Early Notes from Belichick


A friend of mine recommended Ian O'Connor's Belichick: The Making of the Greatest Football Coach of All Time, and I've been slowly making my way through it. So far I'm at the end of his Cleveland tenure, so I'm hardly at the most interesting part. But even so, there are some ideas that stand out:

  • Even as a child, Belichick did what he could to flout the game rules and give himself an advantage. O'Connor most notably mentions that Belichick had a trick for secretly loosening lacross strings to better handle the ball. I think this is immoral. That said, if there are bureaucracies that enforce rules seemingly for no reason, I don't think it's a bad thing to find a hack or two to work around them.

  • Belichick's Cleveland tenure was a disaster for many reasons. But what comes through most clearly in the book is that his interpersonal skills were so terrible that few were willing to stand up for him. There's a coaching cliché that coaches "lose the locker room." Concretely, this means that that there's not enough trust, warmth, or credibility left to get grown adults to follow your lead.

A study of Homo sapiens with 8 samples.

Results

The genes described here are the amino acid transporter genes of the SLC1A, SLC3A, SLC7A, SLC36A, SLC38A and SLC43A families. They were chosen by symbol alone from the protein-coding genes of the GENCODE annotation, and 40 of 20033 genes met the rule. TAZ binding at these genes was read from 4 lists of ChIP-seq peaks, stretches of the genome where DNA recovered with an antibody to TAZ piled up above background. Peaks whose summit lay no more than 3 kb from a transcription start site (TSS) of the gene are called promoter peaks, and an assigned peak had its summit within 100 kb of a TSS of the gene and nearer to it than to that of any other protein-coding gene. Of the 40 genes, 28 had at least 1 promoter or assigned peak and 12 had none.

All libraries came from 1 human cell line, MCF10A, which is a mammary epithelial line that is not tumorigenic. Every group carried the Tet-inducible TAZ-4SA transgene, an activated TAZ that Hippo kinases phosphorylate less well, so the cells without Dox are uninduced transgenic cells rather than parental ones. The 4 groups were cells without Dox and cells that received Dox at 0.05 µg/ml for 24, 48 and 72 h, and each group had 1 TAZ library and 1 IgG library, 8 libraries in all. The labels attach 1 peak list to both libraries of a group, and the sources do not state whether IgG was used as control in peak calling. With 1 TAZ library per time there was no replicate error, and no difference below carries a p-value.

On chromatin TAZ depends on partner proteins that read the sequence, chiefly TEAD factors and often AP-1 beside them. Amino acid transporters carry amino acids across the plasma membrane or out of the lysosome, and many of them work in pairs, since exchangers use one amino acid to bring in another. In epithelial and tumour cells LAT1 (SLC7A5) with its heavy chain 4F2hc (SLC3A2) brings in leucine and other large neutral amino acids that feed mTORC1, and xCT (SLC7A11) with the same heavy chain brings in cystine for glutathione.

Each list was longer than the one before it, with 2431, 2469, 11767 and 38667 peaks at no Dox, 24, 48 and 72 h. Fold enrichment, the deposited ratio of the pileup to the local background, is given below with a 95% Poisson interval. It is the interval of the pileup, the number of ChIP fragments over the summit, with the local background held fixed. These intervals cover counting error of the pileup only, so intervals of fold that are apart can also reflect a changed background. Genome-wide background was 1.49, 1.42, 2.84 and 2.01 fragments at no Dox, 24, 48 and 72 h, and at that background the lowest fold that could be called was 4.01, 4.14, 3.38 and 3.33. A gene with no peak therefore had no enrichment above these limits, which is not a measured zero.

• Like many of the great coaches in the modern league, Belichick was around football his entire life, nearly from infancy.

  • O'Connor emphasizes at several times how important it was for Belichick to have Ernie Adams as a friend and a sounding board for his football decisions. Despite the press and our tendencies to believe otherwise, greatness is rarely a one-person show. (Related: why YC recommends co-founders, and why authors and actors thank their spouses.)